Not-for-profit HR organization, WorldatWork, recently conducted a first-of-its-kind study that sought to determine whether paid parental leave will become a mainstream benefit offering in the US – and what the actual benefits may entail.
But before we go any further, let us first define paid parental leave. Sadly, there is no universal – or even government-approved – definition for the concept. For the purposes of this survey, WorldatWork defined it as
- Paid leave for use by “new parent” employees (whether biological or otherwise) to recover from the birth of a child and/or to care for or bond with a new child.
- Paid leave that is distinct from other paid leave programs in so far as a new-parent employee does not need to use or exhaust other paid time off earnings or accruals (e.g. vacation, sick time, personal leave or PTO).
Specifically, the definition does not include unpaid, job-protected time off; any leave that is NOT distinct from other paid leave programs; short-term disability, government or state-funded disability or insurance, or any forms of pay that supplements partial-pay disability insurance benefits.
Overall, the study found that 38 percent of US employers surveyed offer a defined paid parental leave benefit for new-parent employees that meets the WorldatWork definition for paid parental leave. Of those, 64 percent were subject to state or local laws requiring paid parental leave, but 88 percent of this group said that they offered more leave than was legally required.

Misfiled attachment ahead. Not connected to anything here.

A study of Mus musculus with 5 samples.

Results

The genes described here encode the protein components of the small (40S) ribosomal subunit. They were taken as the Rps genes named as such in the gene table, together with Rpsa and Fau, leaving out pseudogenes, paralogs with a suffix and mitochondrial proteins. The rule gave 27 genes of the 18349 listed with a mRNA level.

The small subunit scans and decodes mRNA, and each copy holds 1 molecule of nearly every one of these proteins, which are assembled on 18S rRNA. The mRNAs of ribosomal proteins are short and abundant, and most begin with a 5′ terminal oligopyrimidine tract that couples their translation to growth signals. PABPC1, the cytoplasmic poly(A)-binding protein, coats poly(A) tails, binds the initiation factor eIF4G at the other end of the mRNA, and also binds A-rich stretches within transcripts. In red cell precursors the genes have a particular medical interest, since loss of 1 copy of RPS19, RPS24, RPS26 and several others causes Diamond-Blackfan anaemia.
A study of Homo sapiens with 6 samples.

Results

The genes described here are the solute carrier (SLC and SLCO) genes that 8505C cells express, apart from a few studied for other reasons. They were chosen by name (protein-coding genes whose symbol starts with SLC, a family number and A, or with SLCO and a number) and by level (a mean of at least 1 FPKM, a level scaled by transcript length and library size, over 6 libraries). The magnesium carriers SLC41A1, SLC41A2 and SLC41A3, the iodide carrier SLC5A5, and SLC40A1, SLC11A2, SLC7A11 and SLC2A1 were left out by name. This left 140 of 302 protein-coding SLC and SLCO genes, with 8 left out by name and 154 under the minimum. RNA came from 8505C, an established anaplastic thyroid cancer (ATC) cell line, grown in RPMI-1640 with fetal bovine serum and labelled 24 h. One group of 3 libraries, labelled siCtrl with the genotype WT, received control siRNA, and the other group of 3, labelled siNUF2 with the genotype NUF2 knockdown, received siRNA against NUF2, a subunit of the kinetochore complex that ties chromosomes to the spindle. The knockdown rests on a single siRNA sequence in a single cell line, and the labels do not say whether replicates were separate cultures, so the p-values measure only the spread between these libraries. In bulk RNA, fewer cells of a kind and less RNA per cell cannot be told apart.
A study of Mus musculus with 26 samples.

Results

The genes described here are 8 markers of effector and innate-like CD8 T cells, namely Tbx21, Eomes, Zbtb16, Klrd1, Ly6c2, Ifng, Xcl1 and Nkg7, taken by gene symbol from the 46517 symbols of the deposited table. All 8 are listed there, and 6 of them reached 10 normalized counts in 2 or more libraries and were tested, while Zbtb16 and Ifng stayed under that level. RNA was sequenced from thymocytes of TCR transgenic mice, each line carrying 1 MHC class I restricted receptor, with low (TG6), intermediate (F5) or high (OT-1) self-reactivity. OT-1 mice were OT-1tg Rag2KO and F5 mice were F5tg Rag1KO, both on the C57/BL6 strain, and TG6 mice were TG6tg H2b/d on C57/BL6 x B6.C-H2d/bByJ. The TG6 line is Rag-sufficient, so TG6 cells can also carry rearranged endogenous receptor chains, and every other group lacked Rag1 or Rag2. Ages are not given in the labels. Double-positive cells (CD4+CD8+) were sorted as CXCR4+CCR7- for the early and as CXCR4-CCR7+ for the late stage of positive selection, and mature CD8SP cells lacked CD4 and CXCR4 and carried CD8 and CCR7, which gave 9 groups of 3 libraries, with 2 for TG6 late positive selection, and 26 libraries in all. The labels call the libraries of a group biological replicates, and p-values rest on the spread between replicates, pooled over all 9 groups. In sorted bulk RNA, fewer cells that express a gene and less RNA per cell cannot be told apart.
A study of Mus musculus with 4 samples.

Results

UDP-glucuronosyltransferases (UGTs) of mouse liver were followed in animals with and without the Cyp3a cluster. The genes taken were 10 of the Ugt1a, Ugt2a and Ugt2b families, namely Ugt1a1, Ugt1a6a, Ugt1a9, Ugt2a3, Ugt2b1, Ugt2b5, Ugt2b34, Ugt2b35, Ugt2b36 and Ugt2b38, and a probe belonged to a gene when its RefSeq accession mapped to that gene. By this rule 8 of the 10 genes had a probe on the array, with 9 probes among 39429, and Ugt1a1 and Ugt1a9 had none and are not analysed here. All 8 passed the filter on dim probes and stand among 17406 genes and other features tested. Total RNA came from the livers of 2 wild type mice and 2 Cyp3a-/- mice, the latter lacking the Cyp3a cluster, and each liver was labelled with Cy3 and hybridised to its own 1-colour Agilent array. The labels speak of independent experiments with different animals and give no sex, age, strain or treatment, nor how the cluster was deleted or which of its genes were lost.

In terms of how this leave looked, the average eligible full-time new-parent was awarded 4.1 weeks of leave and 80 percent of participating employers offered workers their full pay during the leave period. However, only 58 percent of companies offered the same full-pay leave period to all employers, with others awarding leave based on other criteria (such as whether it is for a mother or father, a primary or secondary caregiver, etc).
On the plus side, where parental leave was available, it was offered to all full-time employees and 47 percent of part-time employees. Further, this benefit is available to new employees in 47 percent of cases, although 37 percent of employers require a year of employment to prove eligible.
Commenting on the trend, WorldatWork senior practice leader Lenny Sanicola noted that “paid parental leave is an emerging benefit. There are numerous splashy headlines in the news about paid leave, but these headlines can be misleading. This survey uses a strict definition so that we can really dig into what is being offered as true paid parental leave that goes above and beyond existing paid leave programs.”
Does your company offer paid parental leave? Let us know in the comments.